KANAWHA COUNTY, WV (WOWK) — Lately everyone is talking about the price of eggs. According to the Consumer Price Index, egg prices jumped 60% in 2022. That has many people scrambling to find ways to save money.

But if you are thinking about getting backyard chickens to help ease the expense, you may want to pause to consider the investment.

At Trillium Family Farms, LLC in Tornado, West Virginia, there are about 24 chickens. The care of the chickens is a family endeavor. We met the owner of the farm, Elizabeth Hernandez, and her sons at the Patriot Guardens program. They were attending the first in a four-part series on Backyard Poultry Production.

“When we had our old house, I never really thought of having chickens and having free eggs and how much work it is to raise chickens,” said her son, Christopher.

Christopher and his brothers are young but they weren’t afraid to speak up and ask questions during the class.

“We’ve gotten a lot more eggs than I thought we would,” said Caleb Hernandez.

Instructor Scott Byars covered topics from building a proper enclosure, to the dangers of predators, to the supplies you need to get started and the right kinds of chickens to get the type of results you want.

The Patriot Guardens program provides education about agriculture production to active and retired military and their families. Byars said the Backyard Poultry class is topical as egg prices continue to make headlines.

“The great thing we have is the flexibility. We can kind of react like the National Guard does to emergencies. We have that same flexibility. So we are able to come in and set up these trainings and offer them on a pretty short notice,” Byars said. Byars is a Specialist in Agriculture Education. He also raises chickens at home.

The class was packed with people of all ages and skill levels and people with varied goals for their chickens.

“I have a tiny bit of information on chickens, but this has really helped,” said Rose Holt. She only has a few birds in her backyard. She rarely eats the eggs and gives most of them away to family members. For her, the reward is the joy she gets from having them around. “I’d like to have more if I only had room,” she said.

But if you are thinking that raising your own chickens and harvesting their eggs will cost less than buying them at your grocery store, think again.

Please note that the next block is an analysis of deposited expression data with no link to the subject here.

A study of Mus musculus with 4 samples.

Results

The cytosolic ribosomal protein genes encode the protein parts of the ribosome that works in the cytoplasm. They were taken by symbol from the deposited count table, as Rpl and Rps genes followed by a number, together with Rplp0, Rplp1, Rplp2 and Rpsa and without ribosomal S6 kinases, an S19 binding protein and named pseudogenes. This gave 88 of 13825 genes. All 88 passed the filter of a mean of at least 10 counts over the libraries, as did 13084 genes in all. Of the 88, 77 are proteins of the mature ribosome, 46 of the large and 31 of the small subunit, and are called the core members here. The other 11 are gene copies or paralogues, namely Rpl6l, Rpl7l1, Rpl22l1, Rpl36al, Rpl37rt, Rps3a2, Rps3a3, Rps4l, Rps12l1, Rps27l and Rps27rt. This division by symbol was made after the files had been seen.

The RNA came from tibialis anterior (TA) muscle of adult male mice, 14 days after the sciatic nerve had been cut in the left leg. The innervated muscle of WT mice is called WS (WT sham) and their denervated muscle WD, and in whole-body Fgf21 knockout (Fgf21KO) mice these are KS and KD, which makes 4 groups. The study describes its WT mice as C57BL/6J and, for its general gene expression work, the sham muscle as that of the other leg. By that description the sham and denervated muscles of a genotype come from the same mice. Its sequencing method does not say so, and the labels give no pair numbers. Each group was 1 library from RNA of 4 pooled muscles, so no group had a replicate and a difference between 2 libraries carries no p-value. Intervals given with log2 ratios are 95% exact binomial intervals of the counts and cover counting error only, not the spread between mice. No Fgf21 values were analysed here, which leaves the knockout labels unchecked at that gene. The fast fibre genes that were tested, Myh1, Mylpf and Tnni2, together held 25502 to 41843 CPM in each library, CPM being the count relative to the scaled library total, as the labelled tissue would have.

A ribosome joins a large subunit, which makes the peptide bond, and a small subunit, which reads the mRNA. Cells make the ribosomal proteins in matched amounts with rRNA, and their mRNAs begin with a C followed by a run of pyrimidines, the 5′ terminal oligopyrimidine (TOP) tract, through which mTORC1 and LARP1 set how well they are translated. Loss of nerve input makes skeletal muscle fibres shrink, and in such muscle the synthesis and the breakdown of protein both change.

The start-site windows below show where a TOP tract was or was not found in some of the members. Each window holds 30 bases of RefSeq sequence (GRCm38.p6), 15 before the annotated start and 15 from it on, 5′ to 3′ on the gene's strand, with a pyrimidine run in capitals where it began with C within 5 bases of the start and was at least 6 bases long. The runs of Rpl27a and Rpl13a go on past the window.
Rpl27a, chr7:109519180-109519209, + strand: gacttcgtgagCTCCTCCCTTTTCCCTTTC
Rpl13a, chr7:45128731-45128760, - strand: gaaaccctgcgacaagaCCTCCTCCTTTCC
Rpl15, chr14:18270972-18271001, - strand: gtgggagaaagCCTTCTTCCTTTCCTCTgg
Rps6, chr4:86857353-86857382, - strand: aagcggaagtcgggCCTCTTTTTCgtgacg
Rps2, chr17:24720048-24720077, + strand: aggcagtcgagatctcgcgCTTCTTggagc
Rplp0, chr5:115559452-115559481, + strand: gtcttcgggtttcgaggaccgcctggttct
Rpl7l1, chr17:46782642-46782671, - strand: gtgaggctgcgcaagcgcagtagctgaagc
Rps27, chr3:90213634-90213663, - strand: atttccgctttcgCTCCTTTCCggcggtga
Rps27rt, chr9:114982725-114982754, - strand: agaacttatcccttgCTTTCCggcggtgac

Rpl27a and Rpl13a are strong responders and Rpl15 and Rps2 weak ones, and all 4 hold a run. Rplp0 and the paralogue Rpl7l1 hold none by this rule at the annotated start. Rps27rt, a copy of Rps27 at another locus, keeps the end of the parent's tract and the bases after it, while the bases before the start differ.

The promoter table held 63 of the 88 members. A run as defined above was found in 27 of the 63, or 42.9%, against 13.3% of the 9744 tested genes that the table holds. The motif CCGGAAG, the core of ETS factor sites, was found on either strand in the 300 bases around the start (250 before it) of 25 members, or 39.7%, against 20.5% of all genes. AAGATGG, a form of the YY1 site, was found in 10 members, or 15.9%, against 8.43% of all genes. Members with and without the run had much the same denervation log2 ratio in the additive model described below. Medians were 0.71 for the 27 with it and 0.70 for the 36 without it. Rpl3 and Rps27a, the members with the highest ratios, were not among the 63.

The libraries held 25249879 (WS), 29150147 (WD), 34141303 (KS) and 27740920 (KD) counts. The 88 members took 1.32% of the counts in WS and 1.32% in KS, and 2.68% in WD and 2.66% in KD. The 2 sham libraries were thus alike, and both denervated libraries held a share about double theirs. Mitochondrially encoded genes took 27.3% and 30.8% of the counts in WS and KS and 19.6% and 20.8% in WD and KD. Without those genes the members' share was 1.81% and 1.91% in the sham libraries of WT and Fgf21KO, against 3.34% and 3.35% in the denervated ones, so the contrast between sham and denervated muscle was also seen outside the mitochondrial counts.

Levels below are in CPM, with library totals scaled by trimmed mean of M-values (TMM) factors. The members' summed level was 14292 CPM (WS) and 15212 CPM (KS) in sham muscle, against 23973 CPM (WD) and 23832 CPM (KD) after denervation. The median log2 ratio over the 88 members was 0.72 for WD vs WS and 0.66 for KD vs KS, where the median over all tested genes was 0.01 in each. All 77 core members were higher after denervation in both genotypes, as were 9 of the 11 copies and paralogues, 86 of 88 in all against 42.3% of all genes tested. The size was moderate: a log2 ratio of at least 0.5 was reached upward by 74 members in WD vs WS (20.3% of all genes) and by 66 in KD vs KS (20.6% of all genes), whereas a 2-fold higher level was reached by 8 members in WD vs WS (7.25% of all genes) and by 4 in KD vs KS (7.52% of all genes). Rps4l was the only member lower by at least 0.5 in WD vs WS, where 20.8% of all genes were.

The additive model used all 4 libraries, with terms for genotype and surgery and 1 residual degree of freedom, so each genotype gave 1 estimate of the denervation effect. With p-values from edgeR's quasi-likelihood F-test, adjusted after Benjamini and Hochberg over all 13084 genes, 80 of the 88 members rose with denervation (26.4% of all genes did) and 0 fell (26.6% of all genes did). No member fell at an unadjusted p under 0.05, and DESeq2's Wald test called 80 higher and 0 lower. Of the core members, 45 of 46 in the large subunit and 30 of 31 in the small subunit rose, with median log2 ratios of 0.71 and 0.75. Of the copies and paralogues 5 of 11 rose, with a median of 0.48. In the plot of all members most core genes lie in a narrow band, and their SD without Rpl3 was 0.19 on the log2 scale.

“If you are doing eggs in the backyard, you are probably not exactly saving money,” Byars said. He bought a small kit at a local feed store for about $30 to demonstrate to the class the essential items they’d need. But he said realistically people will spend far more just on equipment.

“A waterer is going to be anywhere from $17 to $38 depending on the size and style. Then a feeder is $12 to $15 and the price goes up. These little feeders would still end up being around $9,” Byars said.

Chicks are fairly inexpensive to purchase but sometimes they can be fragile and harder to raise. Adult chickens can be pricey especially if you are buying several.

“Right now the standard laying chickens are anywhere from $20 to $27 a piece,” he said.

You also have to consider the price of feeding the chickens.

“A 50-pound bag of layer crumble is almost $20 a bag. And a bag of cracked corn – which a lot of people mix the two – is right around $11 a bag. And if you go out and get the oyster shell, that is $10 to $12 a bag. Add all that together and it adds up real fast,” Byars explained.

The chickens have to have a place to stay away from predators. Depending on what you want, you can get a pre-fabricated coop for around $400. Even if you are building one from scratch, he said to be prepared to dig deep into your pockets.

“Chicken wire for a 25-foot roll is in the range of $48 to $68. For an average-sized pen or chicken coop in the backyard, you’d probably have $200 in wire alone; then another $25 in screws. If you bought the lumber, I don’t even want to guess what that would end up being,” Byars said. He said people could save a little by building the frame of the coop with pallets.

Byars says he’s not trying to discourage people from getting backyard chickens. He just wants them to have a realistic look at the potential expense. He also emphasized that saving or making money isn’t the only benefit.

“I mean, you know where those eggs have come from, you know how they were handled, you know how old they are, you know what they were fed. There is the therapeutic side of it. You get to see them grow and how they live in the environment. You have a greater appreciation for that and then, in turn, you are getting eggs from them and so those eggs are kind of like the bonus,” he said.

Raising the chickens at Trillium Family Farms is a learning experience for the kids in the Hernandez family. They get lessons not just from an agricultural standpoint but also in the areas of budgeting and business.

“I keep track of how much feed costs during the year so I can kind of judge,” Elizabeth Hernandez said. “It usually goes up in January and February anyway and then tends to creep back down.”

They sell the eggs they don’t eat and they make a little bit of profit.

“We were able to store eggs when they were laying a lot so that now when they are laying less we are still able to sell to have them pay for themselves,” Elizabeth said.

They have a farm Facebook page and other social media where they post about what goes on around the farm and what they’ve learned.

They are hoping to keep learning through classes like the one at Patriot Guardens and to help others see what all goes into the eggs that eventually end up on your plate.

The Patriot Guardens classes are also open to the public. To find out about upcoming courses, click here.